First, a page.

Knowledge for the CommonWealth

Developing Vaccination Programs for Cattle in Virginia

Livestock Update, August 1999

John F. Currin, DVM, and Tom Bailey, DVM, MS, Extension Veterinarians
and R. Tom Bass, DVM,
all of Production Management Medicine
Virginia-Maryland Regional College of Veterinary Medicine
Virginia Tech

Many farmers vaccinate their cattle against disease. Good vaccination programs serve as the foundation of good herd health programs and prevention many of the "train wrecks" that we have all heard about. Vaccination programs must be individualized for different farms and management systems. Knowledge of the factors involved in developing these programs will help you and your veterinarian develop a better overall herd health plan. This article is the first in a multi-part series on developing vaccination programs on Virginia farms. The basic definitions associated with vaccines and vaccination programs are described.

Vaccination -- Vaccination is the act of giving a vaccine to a cow. Vaccination does not guarantee that a cow will not develop a disease.

Immunization -- Immunization is the reponse of the cows immune system to a vaccine.

Protective Immunity -- The development of an immune response that should prevent an animal from getting a particular disease. This is the goal of all vaccination programs. Protective immunity develops no sooner than 7-14 days after vaccination.

Modified-Live Virus (MLV) Vaccine -- Modified-live virus vaccines contain viruses that have been altered so that they will not cause disease but will still replicate in the cow's body. These vaccines typically stimulate a stronger and longer lasting immunity than killed virus vaccines. In most cases they also do not require a booster to be given. Modified-live virus vaccines are very susceptible to disinfectants and ultraviolet light (sunlight). Care must be taken to ensure that syringes and needles do not contain any disinfectant or soapy residue and that vaccines are not exposed to sunlight for long periods of time. Modified-live virus vaccines must be mixed prior to use and any vaccine left over must be discarded at the end of the day.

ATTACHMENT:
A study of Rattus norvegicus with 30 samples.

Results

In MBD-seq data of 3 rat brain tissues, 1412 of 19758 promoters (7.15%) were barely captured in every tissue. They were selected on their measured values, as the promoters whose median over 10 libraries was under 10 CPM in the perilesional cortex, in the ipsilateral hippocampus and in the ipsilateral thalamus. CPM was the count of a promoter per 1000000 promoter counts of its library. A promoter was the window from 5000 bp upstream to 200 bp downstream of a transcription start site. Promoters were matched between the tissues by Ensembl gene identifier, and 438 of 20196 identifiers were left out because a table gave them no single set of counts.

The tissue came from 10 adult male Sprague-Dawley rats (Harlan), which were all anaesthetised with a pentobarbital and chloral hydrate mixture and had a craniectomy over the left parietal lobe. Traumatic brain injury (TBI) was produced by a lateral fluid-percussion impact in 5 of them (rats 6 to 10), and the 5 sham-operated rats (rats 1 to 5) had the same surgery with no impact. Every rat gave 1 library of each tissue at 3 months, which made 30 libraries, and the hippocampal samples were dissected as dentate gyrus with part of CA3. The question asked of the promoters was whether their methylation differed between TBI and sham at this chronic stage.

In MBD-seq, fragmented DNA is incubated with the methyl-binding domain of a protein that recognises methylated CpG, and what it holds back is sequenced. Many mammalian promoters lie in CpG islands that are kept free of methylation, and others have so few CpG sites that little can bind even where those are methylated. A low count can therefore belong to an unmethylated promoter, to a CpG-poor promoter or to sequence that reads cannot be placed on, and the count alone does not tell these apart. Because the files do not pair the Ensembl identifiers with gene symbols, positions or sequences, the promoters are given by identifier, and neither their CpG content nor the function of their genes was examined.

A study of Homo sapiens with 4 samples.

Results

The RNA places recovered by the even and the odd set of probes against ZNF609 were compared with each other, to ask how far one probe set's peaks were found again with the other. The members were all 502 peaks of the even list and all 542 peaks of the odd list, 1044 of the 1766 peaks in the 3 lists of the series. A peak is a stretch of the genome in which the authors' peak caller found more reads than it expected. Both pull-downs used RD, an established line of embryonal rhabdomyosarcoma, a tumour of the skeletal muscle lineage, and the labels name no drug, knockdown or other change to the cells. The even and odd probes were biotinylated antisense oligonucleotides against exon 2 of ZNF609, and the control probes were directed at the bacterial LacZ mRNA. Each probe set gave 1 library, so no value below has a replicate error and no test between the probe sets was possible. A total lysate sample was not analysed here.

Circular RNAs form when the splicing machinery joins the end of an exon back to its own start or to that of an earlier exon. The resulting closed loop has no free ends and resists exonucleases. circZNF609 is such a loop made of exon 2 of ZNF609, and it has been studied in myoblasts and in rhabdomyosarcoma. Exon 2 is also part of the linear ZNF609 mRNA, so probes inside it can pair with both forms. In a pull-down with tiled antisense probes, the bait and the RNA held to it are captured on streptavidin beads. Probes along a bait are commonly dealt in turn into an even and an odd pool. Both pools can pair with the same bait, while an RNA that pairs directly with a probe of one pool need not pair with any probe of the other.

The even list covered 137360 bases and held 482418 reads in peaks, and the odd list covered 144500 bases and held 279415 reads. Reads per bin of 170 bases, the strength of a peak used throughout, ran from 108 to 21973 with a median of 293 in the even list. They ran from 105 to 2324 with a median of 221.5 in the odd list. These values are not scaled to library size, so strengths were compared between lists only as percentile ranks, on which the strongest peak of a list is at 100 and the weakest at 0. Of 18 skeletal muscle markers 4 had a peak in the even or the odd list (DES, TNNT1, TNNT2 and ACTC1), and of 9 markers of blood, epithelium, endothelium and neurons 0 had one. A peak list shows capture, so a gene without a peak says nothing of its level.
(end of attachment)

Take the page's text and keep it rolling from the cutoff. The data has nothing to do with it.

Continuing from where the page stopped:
Killed Virus Vaccine -- Killed Virus vaccines contain viruses that have been killed or inactivated during production. These vaccines all require a booster to be given 14-28 days after the initial vaccination. This means that previously unvaccinated cattle will not develop an immune response until 21-35 days after the initial vaccine is given.

CC / ML -- CC (cubic centimeter) is the common measurement of volume found on most syringes. Vaccines doses are most commonly listed as ML (milliliter). The two measurements are equal so if the label calls for 2 ml's to be given you should draw up 2 cc's in the syringe.

Bacterin -- A bacterin is a bacterial vaccine that has been inactivated but should still stimulate an immune response. Some bacterins require a booster in 14-28 days while others require only a single dose annually. Blackleg and lepto vaccines are two common types of bacterin vaccines.

Modified-Live Bacteria -- There is currently one modified-live bacteria vaccine on the market, Presponse HM®. This vaccine has been altered so it will replicate in the body for only a short time (18 hours). Care must be taken to ensure that all syringes and needles are free of disinfectants and no antibiotics are being given at the same time as the vaccine. If either of these situations occurs the vaccine may be inactivated and protective immunity will not occur

Toxoid Vaccine -- A toxoid vaccine is made against the toxin an organism produces instead of against the actual organism itself. Modern pasteurella vaccines and tetanus vaccines are two examples of toxoid vaccines.

Maternal Immunity -- Maternal immunity is the protection that a calf acquires from the colostrum it nurses on it's first day of life. This protection is essential to the calf's well-being during the first weeks of life. However, this immunity can interfere with the calf's ability to respond to a vaccine. This interference disappears some time during the first four months of life. Maternal immunity is the reason that vaccine labels recommend a booster if the vaccines are given to calves before four months of age.